Digging 10 miles underground could yield enough geothermal energy to power Earth

A geothermal power company 'is developing technology to blast rock with microwaves to potentially drill the deepest holes on Earth.'
Loukia Papadopoulos
Representational image of a geothermal plant.jpg
Representational image of a geothermal plant

Naumoid/iStock 

As fossil fuels cause increasing dangerous emissions, companies everywhere are looking to reduce their production of greenhouse gases.

One key way to do that is through geothermal, said Matt Houde, co-founder and project manager at Quaise Energy, according to a press release published on Thursday.

“The total energy content of the heat stored underground exceeds our annual energy demand as a planet by a factor of a billion. So tapping into a fraction of that is more than enough to meet our energy needs for the foreseeable future,” said Houde.

Today, however, we can’t drill deep enough to unlock that energy because we lack some key technology. 

“If we can get to ten miles down, we can start to find economic temperatures everywhere. And if we go even deeper, we can get to temperatures where water [pumped to the site] becomes supercritical,” a steam-like phase that will allow “a step change improvement in the power production per well and so cheapen the cost of energy,” Houde said.

Digging 10 miles underground could yield enough geothermal energy to power Earth
Geothermal underneath a home

He points to the deepest hole that’s been drilled to date: the Kola borehole. Despite advanced developments, the notable hole just goes 7.6 miles down and took 20 years to complete because conventional equipment like mechanical drill bits couldn’t withstand the conditions at those depths.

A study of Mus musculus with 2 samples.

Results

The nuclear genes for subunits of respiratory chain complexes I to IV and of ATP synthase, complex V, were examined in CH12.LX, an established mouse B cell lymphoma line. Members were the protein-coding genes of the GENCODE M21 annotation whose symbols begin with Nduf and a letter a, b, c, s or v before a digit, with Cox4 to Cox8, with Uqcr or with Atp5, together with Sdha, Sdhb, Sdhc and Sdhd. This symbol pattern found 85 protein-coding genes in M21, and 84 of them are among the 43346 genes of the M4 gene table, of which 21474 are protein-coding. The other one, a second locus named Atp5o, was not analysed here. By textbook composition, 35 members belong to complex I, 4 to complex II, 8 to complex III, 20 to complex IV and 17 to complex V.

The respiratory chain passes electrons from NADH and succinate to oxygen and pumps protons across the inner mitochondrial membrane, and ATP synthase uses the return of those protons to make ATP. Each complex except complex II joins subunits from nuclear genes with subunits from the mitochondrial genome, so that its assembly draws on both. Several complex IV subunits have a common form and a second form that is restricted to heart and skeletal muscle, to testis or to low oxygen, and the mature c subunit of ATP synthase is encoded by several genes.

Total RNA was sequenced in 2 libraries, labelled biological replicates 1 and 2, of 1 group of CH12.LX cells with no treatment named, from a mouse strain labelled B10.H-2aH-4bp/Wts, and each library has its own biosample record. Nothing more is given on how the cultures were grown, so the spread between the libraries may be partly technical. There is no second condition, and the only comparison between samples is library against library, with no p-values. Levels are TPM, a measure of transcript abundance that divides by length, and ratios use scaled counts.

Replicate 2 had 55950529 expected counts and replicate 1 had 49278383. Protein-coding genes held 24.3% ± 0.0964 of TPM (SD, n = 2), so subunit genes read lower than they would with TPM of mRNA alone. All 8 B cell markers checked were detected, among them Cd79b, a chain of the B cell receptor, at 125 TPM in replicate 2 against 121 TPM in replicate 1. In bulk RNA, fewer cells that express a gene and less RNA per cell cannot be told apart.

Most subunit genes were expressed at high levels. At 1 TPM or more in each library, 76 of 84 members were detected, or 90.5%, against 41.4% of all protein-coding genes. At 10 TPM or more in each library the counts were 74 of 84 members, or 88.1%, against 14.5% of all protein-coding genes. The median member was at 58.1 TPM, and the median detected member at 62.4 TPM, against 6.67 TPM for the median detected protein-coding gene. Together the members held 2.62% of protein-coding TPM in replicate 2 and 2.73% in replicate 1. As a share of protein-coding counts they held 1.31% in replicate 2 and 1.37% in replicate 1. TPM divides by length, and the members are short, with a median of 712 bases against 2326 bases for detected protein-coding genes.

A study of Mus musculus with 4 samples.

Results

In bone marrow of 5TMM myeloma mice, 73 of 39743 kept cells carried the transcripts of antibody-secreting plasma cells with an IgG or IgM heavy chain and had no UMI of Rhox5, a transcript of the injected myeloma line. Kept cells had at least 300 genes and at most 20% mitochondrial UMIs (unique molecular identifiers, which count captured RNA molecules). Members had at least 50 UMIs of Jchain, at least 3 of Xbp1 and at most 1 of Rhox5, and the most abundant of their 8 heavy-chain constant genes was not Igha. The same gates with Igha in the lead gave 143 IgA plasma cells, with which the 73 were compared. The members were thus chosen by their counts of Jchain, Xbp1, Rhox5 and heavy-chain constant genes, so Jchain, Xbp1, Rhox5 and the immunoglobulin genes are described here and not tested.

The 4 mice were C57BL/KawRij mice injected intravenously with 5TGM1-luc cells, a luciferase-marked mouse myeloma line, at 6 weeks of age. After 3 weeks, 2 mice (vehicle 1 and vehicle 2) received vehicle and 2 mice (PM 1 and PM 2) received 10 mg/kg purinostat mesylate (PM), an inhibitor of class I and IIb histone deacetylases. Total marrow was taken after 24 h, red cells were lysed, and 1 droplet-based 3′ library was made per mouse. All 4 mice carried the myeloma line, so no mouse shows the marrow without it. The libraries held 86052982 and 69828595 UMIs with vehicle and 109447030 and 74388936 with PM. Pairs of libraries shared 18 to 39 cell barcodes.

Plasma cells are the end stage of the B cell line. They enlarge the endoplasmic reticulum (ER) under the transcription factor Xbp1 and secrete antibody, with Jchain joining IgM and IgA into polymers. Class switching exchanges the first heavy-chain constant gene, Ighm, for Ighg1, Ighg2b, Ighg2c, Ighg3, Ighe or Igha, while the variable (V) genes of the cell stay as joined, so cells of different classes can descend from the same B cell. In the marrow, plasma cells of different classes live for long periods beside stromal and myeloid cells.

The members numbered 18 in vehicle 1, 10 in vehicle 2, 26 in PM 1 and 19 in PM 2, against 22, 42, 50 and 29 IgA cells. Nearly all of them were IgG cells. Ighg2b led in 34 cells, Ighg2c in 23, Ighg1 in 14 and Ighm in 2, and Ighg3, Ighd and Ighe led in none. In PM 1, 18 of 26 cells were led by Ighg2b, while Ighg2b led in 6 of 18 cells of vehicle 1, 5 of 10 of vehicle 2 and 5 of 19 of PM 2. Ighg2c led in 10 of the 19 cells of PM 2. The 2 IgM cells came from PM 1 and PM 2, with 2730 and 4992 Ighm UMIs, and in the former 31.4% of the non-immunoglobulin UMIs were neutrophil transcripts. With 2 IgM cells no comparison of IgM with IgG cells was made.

“And the truth is, we’ll need hundreds if not thousands of Kola boreholes if we want to scale geothermal to the capacity that’s needed,” Houde said. 

Blasting rocks with microwaves

Digging 10 miles underground could yield enough geothermal energy to power Earth
Goethermal energy.

Enter Quaise, which “is developing technology to blast rock with microwaves to potentially drill the deepest holes on Earth. And no, I’m not stealing a plot device from Star Trek. This technology is real and has been proven in [an MIT] lab,” said Houde.

Geothermal is available 24/7, which “can help balance out the intermittent flows of wind and [solar],” added Houde. Deep geothermal plants will also have a “minimal surface footprint," meaning they won’t require much land.  

Finally, Houde said, geothermal is “the perfect energy source to take advantage of the largest workforce in the world, the oil and gas industry.” That industry has “11 million jobs in the US alone, and a skill set that is exactly what’s needed for geothermal to rapidly scale.”

Quaise is utilizing new technology that replaces drill bits with millimeter wave energy that melts and then vaporizes the rock to create ever-deeper holes. Developed at MIT over the last 15 years. scientists have demonstrated that millimeter waves could indeed drill a hole in basalt. 

An ideal technology

Houde explained that millimeter waves “are ideal for the hard, hot, crystalline rock deep down that conventional drilling struggles with.” They are not as efficient in the softer rock closer to the surface, but “those are the same formations that conventional drilling excels at.” Hence the company combines both approaches to be more efficient.

Now, Houde has ambitious plans for his new technology. “Our current plan is to drill the first holes in the field in the next few years,” Houde said. “And while we continue to advance the technology to drill deeper, we will also explore our first commercial geothermal projects in shallower settings.”